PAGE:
A Few Remarks on Papalotry

Yesterday’s post critiquing a recent article by Elizabeth Stoker Bruenig (ESB) triggered a fair amount of irrational hyperbole, though thankfully less than I originally feared. Taking to Twitter, ESB mocked me for using WordPress (she uses it too) and then claimed she was under attack from “white males” (no comment). No substantive point raised in my post was addressed. Others, however, noted that The New Republic should no longer be taken as a reliable source of thoughtful commentary on much of anything and that when it comes to things Catholic, mainstream secular coverage will almost always be lacking in depth and sophistication. While all of that may be very well true, it doesn’t change the fact that a writer, even a young writer, who previously traded on her academic credentials to position herself as a legitimate authority on Catholic thought should tread lightly when dealing with complex intra-ecclesial affairs. As noted yesterday, the Pope’s critics are not all of the same mind, and their respective relationships to mainline American conservatism oftentimes differ. This is neither new news nor an obscure factoid that might understandably be overlooked. So why was it? One has to wonder.

If there is any “camp” guilty of conflating ecclesial ideology and politics—specifically liberal American politics—it is the Pope’s most vocal supporters rather than his critics. Believing that Francis will finally force the Church to meet secular (post)modernity with open arms, including its emptyheaded values, these liberal Catholics routinely lash out against those who have the temerity to defend doctrinal orthodoxy. These faithful Catholics are quickly compared to the worst examples of political conservatism in action with over-the-top accusations being commonplace. Do you support the Church’s official stand on the sanctity of life? Then you’re a woman-hating misogynist like those Republicans who want to restrict access to abortions. Do you believe sodomy is a sin, one which cries out to Heaven for vengeance? Then you are a rabid homophobe who wants to see gays and lesbians deprived of their rights, etc.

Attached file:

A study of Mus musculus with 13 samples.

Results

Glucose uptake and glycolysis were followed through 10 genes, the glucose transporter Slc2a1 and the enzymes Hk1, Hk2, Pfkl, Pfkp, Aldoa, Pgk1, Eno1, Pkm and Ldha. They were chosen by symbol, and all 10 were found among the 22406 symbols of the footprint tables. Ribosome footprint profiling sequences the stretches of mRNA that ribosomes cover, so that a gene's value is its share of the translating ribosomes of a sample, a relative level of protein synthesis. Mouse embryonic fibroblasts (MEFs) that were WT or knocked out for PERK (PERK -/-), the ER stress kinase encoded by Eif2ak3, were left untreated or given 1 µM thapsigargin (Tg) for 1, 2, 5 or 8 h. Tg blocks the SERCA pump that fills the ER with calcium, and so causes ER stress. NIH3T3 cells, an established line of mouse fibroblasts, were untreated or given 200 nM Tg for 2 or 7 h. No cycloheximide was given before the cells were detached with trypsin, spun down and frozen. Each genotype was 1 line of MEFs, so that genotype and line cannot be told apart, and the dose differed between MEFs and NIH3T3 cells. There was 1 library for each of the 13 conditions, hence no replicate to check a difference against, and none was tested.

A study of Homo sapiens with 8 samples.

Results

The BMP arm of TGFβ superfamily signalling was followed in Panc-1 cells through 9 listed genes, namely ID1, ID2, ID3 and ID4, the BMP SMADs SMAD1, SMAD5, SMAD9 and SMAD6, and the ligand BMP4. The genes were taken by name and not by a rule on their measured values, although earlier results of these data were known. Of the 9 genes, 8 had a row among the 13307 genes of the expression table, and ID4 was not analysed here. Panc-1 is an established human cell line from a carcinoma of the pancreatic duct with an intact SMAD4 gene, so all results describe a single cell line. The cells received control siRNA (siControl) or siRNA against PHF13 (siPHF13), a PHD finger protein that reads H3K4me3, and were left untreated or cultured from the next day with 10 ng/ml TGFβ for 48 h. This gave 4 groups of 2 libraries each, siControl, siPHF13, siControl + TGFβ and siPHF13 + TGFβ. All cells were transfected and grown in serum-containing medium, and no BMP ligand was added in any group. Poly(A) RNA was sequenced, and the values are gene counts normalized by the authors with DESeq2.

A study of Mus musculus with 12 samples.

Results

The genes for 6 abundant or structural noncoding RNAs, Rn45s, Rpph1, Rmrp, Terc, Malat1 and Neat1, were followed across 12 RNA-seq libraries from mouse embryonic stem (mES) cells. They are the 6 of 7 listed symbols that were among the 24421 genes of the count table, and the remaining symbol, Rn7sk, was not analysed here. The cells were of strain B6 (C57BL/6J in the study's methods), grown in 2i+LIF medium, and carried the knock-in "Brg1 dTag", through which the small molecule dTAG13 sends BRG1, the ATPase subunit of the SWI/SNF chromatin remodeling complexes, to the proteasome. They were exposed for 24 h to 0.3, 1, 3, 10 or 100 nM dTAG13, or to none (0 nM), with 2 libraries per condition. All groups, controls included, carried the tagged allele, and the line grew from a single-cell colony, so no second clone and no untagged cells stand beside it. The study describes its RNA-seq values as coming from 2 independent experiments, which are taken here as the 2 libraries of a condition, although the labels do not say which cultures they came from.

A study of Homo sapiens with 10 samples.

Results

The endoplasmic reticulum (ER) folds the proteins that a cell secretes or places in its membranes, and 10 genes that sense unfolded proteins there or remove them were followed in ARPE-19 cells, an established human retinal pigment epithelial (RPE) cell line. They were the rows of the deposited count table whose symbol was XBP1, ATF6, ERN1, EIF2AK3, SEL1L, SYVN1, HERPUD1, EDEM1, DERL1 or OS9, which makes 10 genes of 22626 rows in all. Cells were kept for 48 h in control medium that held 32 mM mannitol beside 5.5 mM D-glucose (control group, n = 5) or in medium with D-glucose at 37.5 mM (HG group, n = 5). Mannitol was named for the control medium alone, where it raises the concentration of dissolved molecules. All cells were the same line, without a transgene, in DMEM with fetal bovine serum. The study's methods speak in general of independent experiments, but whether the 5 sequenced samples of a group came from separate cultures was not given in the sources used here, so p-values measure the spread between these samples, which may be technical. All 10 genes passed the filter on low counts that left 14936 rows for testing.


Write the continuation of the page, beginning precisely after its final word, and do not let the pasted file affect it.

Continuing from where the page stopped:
For the liberals, the “Pope is the Faith and the Faith is the Pope,” at least until the next guy puts on the red slippers. Then it will be a game of wait-and-see. Will the next pope change course? Will he crackdown on dissent? Will he honor the customs and traditions of the Roman liturgy or play fast n’ loose with the rubrics? And so on, and so forth. If the next pope fails to conform to some prefabricated, liberal ideal, he will be shunned by the liberals, and then all of their papalotry shall crumble into dust.

Sadly, that likely won’t mark the end of papalotry altogether. A new, possibly more rigorous and austere, pontiff will quickly draw his own legion of idolaters, most of whom would probably put any 19th C. ultramontanist to shame. Overtaken by their exuberance for clear and steady leadership, the next papaloters will keep alive the present myths surrounding the Pope’s authority, competence, and duties—myths which can be very destructive when placed in the service of radical renovators who want the Church to be little more than a spiritual NGO. When the time comes to choose the next pope, conservative and traditional Catholics alike must be on guard against falling into the errors of their estranged liberal brethren. Yes, the pope’s role as supreme teacher and defender of the Faith must be upheld, but only in the light of truth.

This is easier said than done. As conservative and traditional Catholics are forced to endure a period in the Church where the liberals routinely leverage papalotry against them, they will be under considerable temptation to use similar tactics when the road to restoration is opened again. But they needn’t do that. For the pope, in continuity with tradition, can combat the errors which have entered the Church with the power and authority already vested in him. There is no need to make the papacy out to be more than it is, particularly when there is a noble soul standing in the shoes of the fisherman who is willing to reach for the sword of his predecessor in order to defend Christ’s flock from the wolves.